If she hadn’t seen him kill, Mia would never have known she was married to a modern Jekyll and Hyde.
The murder had taken place in the storage unit of their Upper West Side apartment building. She had wanted to confirm a dinner date, and with her usual impetuosity had trailed her husband downstairs. He had a bit of a limp from an old injury, so she had caught the sound of his footsteps on the stair when she got off the elevator after a vigorous stint at the gym followed by an equally vigorous afternoon in the best shops.
In the basement, behind some tightly bound boxes, she saw her husband release the garrote around the dead man’s throat and step back. The look on his face had been terrifyingly similar to his expression after they’d had a particularly good bout of sex. Quiet. Sated. Triumphant.
Mia faded back silently, but saw him gesture to his bodyguards as he straightened his clothes. Saw how his handsome face fell back into its usual good-humored, slightly sharp expression.
Back upstairs, Mia retreated to the shower. She steamed and scented herself, tried not to remember the grotesque distortion of the murdered man’s face. Tried to calm her breathing. Swallowed back sobs as she had always done. Schooled her face into its expected contours of contentment and latent sexuality.
Leo had never encouraged her to ask any questions about his business, the one that kept her so lavishly. She didn’t care that he danced the line of illegal. With their background, there was no other way to rake in money. But murder by his own hand….
The thought flitted through her mind that Leo reveled in sensual pleasure more than anyone she had ever known.
Her mind strayed back to her first love, Teddy, who had died in an unsolved mugging eight years earlier. She still carried his photo zipped in the pocket of her designer purse.
By the time she had forced herself out of the shower, Leo had left the apartment. His assistant called Mia to report that Leo had a sudden business trip and would return the next evening. Gratitude for small favors, Mia thought, and said all the right things.
She hadn’t been sure she could do it, but by dinnertime the next day, Mia had buried the waves of fear and revulsion. Growing up in a gutted neighborhood distinguished only by its poverty and ugliness, raised by a single mom scrabbling to hold down any kind of job, self-preservation had been hammered into Mia’s DNA.
But tonight, she allowed herself the forbidden luxury of remembering. Despite their upbringing in the dregs of the city, Teddy had been different. Full of hope, sweetness, and laughter, giving her a glimpse of what “the good life” really meant. He loved her with his heart and soul…and she had loved him the same way. When he died, Mia had felt her own fragile heart had gone still and silent.
Leo had immediately swooped in – sympathetic, kind…rich. So rich. Offering everything the world could provide, including safety. Especially safety. Insisting only that she belong completely to him. Mia realized the shopping and parties amused her, but that was all. She felt no temptation to nibble at the edges of forbidden passions and Leo never wanted more than she had to offer. Yet somehow, in the drift of time, Mia felt each day of heedless luxury held small deaths.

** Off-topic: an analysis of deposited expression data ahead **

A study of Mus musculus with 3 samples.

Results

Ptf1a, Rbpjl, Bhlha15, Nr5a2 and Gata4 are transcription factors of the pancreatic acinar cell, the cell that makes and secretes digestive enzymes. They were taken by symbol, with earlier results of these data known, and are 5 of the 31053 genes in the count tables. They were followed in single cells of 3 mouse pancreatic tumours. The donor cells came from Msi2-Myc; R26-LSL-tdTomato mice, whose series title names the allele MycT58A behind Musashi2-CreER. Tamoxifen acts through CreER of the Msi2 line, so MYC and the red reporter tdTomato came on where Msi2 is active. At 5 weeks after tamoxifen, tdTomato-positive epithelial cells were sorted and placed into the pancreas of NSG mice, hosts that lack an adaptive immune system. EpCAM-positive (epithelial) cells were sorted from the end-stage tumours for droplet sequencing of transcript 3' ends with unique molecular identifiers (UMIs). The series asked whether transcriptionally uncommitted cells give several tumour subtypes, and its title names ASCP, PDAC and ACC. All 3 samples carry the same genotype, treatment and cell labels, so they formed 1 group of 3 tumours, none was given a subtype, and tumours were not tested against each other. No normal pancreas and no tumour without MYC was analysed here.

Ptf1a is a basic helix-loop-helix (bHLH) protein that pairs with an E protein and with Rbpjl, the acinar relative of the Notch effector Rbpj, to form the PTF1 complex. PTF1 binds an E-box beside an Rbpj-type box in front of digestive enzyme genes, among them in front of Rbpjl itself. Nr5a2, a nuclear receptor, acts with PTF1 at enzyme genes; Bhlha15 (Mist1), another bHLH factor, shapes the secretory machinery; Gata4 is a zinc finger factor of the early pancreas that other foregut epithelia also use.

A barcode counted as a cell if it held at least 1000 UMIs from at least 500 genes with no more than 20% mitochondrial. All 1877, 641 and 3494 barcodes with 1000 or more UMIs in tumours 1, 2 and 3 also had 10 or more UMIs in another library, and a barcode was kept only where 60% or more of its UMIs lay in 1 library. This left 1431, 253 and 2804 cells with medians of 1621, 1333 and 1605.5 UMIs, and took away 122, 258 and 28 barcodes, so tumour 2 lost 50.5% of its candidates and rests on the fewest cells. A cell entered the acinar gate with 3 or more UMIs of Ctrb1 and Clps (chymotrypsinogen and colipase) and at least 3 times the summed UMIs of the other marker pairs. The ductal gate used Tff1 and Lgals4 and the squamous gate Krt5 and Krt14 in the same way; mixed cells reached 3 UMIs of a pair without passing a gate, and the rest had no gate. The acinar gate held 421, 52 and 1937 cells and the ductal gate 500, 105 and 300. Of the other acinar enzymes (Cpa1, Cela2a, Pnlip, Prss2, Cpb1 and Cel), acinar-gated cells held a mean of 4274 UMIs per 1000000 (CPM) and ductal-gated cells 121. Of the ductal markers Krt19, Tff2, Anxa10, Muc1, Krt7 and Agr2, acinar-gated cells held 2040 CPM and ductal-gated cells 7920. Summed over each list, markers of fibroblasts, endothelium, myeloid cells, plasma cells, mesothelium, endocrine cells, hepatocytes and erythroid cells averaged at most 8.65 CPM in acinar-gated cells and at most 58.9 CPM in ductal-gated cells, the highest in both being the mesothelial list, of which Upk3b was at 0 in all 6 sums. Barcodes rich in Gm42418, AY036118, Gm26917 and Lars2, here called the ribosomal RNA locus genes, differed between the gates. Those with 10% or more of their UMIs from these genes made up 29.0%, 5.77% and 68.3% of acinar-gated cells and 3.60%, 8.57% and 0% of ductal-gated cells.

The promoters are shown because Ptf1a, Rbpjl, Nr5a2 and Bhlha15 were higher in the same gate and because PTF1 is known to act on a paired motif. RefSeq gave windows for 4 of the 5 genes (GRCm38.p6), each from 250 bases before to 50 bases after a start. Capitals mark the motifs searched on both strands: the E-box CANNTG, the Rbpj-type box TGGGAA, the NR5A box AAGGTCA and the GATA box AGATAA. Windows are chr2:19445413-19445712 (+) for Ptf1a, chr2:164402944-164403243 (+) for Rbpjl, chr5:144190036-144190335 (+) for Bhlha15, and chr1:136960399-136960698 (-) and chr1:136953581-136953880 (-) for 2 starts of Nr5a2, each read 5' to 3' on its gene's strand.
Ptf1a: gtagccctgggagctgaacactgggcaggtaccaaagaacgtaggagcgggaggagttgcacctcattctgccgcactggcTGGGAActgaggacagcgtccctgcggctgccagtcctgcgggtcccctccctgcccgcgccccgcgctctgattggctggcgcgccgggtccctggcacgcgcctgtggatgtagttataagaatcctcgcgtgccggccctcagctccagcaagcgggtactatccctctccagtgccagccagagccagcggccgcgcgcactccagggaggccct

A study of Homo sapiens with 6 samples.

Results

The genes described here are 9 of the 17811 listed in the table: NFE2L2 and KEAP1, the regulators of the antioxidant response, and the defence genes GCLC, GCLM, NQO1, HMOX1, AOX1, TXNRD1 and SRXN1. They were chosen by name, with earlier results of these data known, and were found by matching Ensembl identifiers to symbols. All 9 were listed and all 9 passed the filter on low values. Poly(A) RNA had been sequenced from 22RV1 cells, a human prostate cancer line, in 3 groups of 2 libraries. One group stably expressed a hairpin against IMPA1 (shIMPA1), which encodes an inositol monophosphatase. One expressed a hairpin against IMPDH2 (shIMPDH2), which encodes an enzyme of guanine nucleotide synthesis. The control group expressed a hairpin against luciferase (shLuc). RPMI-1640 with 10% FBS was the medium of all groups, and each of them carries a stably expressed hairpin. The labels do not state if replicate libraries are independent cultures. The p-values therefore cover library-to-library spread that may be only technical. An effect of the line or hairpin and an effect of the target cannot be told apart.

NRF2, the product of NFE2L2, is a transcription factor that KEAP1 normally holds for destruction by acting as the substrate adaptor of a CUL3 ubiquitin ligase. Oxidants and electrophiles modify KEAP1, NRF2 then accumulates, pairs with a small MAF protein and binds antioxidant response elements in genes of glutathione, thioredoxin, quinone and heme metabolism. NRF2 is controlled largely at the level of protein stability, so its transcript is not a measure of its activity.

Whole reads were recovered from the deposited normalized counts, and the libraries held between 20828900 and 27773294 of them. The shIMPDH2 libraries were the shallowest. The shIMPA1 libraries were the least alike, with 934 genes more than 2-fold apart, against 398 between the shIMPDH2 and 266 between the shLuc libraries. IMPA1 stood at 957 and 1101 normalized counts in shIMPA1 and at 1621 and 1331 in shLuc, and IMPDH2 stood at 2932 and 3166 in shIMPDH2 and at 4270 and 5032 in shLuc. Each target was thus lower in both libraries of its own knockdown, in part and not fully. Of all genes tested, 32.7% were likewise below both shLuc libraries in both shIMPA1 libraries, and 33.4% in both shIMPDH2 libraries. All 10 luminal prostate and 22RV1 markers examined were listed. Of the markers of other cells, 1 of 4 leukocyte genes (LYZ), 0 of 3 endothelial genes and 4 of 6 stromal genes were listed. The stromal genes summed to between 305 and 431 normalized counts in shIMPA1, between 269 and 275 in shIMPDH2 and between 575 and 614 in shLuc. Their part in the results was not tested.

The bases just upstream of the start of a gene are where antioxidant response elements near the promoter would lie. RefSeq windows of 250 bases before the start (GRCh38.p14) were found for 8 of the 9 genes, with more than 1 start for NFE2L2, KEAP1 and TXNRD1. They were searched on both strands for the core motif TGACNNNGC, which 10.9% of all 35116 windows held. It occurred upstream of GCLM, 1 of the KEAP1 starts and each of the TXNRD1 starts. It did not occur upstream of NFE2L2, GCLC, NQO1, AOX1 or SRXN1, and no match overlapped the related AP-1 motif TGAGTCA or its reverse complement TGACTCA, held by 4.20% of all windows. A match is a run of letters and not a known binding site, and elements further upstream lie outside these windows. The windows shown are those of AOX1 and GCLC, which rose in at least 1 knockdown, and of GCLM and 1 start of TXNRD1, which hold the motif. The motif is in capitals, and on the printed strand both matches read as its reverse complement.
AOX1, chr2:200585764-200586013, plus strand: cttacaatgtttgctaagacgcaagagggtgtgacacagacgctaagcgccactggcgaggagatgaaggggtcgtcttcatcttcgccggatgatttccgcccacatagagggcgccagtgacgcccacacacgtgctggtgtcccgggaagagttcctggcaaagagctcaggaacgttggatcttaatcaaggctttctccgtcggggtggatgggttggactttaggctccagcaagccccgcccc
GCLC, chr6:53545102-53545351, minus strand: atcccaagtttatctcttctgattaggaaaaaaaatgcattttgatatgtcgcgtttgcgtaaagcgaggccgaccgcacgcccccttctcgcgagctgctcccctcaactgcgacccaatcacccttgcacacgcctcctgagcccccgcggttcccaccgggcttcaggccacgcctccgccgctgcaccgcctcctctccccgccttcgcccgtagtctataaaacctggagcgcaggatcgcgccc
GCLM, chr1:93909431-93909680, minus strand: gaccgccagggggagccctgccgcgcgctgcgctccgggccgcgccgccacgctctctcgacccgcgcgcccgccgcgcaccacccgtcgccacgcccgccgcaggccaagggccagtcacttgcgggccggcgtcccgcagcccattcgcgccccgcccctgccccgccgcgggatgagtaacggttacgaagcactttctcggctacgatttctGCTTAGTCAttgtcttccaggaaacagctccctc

It was nearly dinnertime when Leo came back. Mia was sitting alone in their elegant living room, Teddy’s picture balanced on her knees. Her husband looked tired and irritated, despite his easy smile.
“What’s that?” He lifted the photo from her lap.
Mia fought the desire to snatch it back. “Teddy’s photo. Just thinking about the old days when you both asked me to go to prom.”
Leo laughed. “You picked him.” He turned away, still holding the photo. “I told you then it was a big mistake. He got the prom.” His smile only twisted a little. “I got you.”
Mia swallowed her cry of protest as Leo deliberately ripped the photo in half and dropped the pieces in her lap. “Forget about him,” he said. “You’re my wife and I won you. I always win, Mia. Always.” He moved toward the bar and poured himself a drink.
She stilled an instant, but tucked the torn picture into the pocket of her slacks, and summoned a smile. “This is a great life. I never thought I’d live in a place like this.” She gestured around the penthouse and gazed at Leo under her lashes.
The corners of his lips lifted as she brushed against his arm, then slowly mixed him another drink.
“Hungry?” she purred. “I ordered all your favorites.”
It was a perfect dinner. Mia remained as attentive and charming as she could be. Crystal and silverware gleamed. A single blood red flower accented the table. The food she offered her husband displayed the sensual mix of tastes, aromas, and colors that Leo loved. With care, she’d chosen several expensively luscious wines to complement the meal…reds, whites, liqueurs.
Mia drank lightly, picked at her food, and watched with languorous pleasure as Leo indulged himself. When the room seemed hot, she threw open the doors to the balcony, letting the cool breeze drift through the room. She carried the bottle and glasses to the café table outside.
As they stood, leaning against the railing, looking out over the glittering city, Mia gazed at Leo. “I always wondered who could have killed Teddy,” she murmured. “Everyone loved him.”
“I didn’t.” Leo laughed thickly. “You’re better off with me. I’m a winner.”
“I’ve learned a lot from you,” Mia said. Deliberately she placed her glass on the table.
She knew she would always relish the look on Leo’s face as he went down to a round house kick. The blow and the liquor did the job. Mia hefted him up and over the railing.
And then she began to scream and scream and scream.
The bodyguards, the police, everyone believed the screams honored her husband, keened the terrible accident of his death. There was no mistaking such passion as Mia’s cries tore upwards into the hard universe; finally, she was free to mourn her love.